As prosperity spreads across China, so does a passion for the outdoors. But can millions of new trekkers save Asia's vast wilderness from the march of development? Welcome to the world's next hiking frontier. PLUS, check out China's Top Treks.

I wake up to crowing roosters and make a cup of coffee as others perform morning rituals. Liquor cracks a raw egg into his mouth. Little Qing picks at a plate of leftover noodles. Guan–not a morning person–swears as Xu Junjie shakes his tent.

The sun has crested the ridge by the time we start hiking. We follow a dirt trail south through a series of small villages and after four miles hit the Shatuo River, another tributary of the Red River. Our progress moves us out of cell phone range, finally silencing Zhou’s frantic sales calls. The only sounds are birdsong and our group’s quiet conversations.

As hikers often do, Guan and I swap stories about trips we’ve taken. I describe a 1998 trek to Mt. Everest’s Kangshung face basecamp. He tells me about a 2007 trip, when he walked for three days between ranger stations in Kekexili, a protected Tibetan wilderness bigger than Maryland.

"It was absolutely desolate, but it was the most beautiful place I’ve ever seen," he says.

When I ask if he thinks China can protect such landscapes, he shrugs. Even remote scenic areas have been overrun with hotels and restaurants. "There are too many Chinese," he says simply.

That’s not apparent at the moment, though: We have the trail entirely to ourselves. In the afternoon, Guan finds a wide section of the river wedged between steep cliffs and we pitch our tents on dry, flat rocks. We strip to our underwear and–with schoolboy yawps–jump into a deep pool of clear water. Soon almost everyone is floating and splashing, enjoying the kind of rejuvenating moment that resonates for months after a trip. It’s Liquor’s first time swimming in a river, and he floats in the pool, staring up at the sky.

The others are also, finally, immersed in nature. Xu Junjie finds a blue frog and calls Little Qing to take a picture of it. Zhou checks again to be sure his phone has no signal and puts it away.

"A year ago, I didn’t understand why people would hike," he says. "Why sleep in a tent and carry so much weight? But in the city it’s all about work and getting somewhere. Here, I’m finally able to relax."

After dinner, we build a fire by the swirling river. We lie back and admire the wash of stars. Zhu Ying, a 24-year-old advertising writer with a quick smile and short-cropped hair, says she never sees so many stars in Chongqing’s sky. Until a camping trip last year, she hadn’t known there were more than a handful.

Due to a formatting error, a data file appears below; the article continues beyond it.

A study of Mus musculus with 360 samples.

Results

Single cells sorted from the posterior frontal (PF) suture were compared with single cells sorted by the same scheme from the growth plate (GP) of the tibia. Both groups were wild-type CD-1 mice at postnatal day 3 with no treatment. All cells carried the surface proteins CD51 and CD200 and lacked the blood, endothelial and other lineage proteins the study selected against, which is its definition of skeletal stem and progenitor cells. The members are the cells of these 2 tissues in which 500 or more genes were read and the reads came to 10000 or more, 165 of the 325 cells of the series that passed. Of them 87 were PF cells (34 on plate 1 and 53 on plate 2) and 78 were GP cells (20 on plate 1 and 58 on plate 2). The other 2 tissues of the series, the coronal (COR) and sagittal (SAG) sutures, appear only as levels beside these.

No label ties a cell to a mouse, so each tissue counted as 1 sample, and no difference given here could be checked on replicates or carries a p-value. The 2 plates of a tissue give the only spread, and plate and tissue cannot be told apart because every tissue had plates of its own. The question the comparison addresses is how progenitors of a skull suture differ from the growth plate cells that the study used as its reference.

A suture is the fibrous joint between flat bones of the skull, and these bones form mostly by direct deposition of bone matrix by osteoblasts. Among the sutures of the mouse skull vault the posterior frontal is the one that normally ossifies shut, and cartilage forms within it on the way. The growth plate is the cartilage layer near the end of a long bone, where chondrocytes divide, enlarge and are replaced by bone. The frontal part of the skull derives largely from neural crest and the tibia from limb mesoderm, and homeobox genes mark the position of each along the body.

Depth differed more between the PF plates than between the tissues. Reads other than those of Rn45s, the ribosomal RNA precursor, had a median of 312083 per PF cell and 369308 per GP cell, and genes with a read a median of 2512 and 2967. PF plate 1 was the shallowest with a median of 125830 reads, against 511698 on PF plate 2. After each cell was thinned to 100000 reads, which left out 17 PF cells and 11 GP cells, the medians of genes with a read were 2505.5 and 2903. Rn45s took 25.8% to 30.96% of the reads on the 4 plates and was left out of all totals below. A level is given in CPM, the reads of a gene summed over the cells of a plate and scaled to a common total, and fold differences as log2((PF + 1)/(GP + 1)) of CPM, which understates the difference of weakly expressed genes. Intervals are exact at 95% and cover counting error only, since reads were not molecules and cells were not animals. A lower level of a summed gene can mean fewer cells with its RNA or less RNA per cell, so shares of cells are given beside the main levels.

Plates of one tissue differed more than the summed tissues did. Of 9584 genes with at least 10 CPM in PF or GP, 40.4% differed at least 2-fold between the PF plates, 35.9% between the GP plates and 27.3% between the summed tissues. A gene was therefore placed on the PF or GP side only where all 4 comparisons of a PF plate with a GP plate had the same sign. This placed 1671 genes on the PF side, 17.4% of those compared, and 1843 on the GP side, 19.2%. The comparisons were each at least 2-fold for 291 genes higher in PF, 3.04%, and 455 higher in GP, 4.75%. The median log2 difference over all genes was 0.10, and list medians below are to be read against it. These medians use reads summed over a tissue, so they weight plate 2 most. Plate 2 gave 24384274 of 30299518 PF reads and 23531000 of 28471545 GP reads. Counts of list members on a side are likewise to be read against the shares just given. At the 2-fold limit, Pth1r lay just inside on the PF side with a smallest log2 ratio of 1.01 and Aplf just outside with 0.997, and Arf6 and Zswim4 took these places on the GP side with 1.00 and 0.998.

Experiences like that–literally discovering nature–have prompted individual Chinese hikers to change their behavior. Guan goes out of his way to recycle batteries; Xu would pay a 30 percent premium for a hybrid car if one was available.

But they’re also realists. "Twenty years ago we didn’t know what a company was," Xu cautions. "We had never heard of a CEO. All we can do is look at how America got where it is and replicate that path. Once people’s standards of living are high enough, they’ll begin to think about protecting the environment." The mystery, of course, is how soon that day will come, and if it will be soon enough.

On our final day, we hike farther along the Shatuo River, settling into a comfortable pace with plenty of rest stops. We dip our feet in the water, admire giant black-and-blue butterflies, and catch the spray of a waterfall cascading into a pine forest. On our last night, we camp near Tiger Head village, population 25, and celebrate the end of the trek with a feast. Liquor buys 36 Mountain City beers from a farmer, and Xu purchases and butchers two chickens to stew with vegetables and chilies. We make toasts as a crescent moon rises.

In the morning, we pile into the back of a white pickup. The road out is under construction and there are many potholes, but the group is in good spirits. We sit on our packs and bounce past felled trees and rockslides that score the hills. We sing Taiwanese pop songs and a rolling ballad Guan wrote to the tune of "The Internationale," the anthem of communist parties worldwide. We pass workers building high-tension power lines, the steel towers rising over a dense section of pine and bamboo, and the Tianya Backpackers Club raises its collective voice over the noise of the truck and the workers.

It isn’t a pretty song, but it’s full of energy.

Beijing-based Craig Simons is the Asia bureau chief for Cox Newspapers.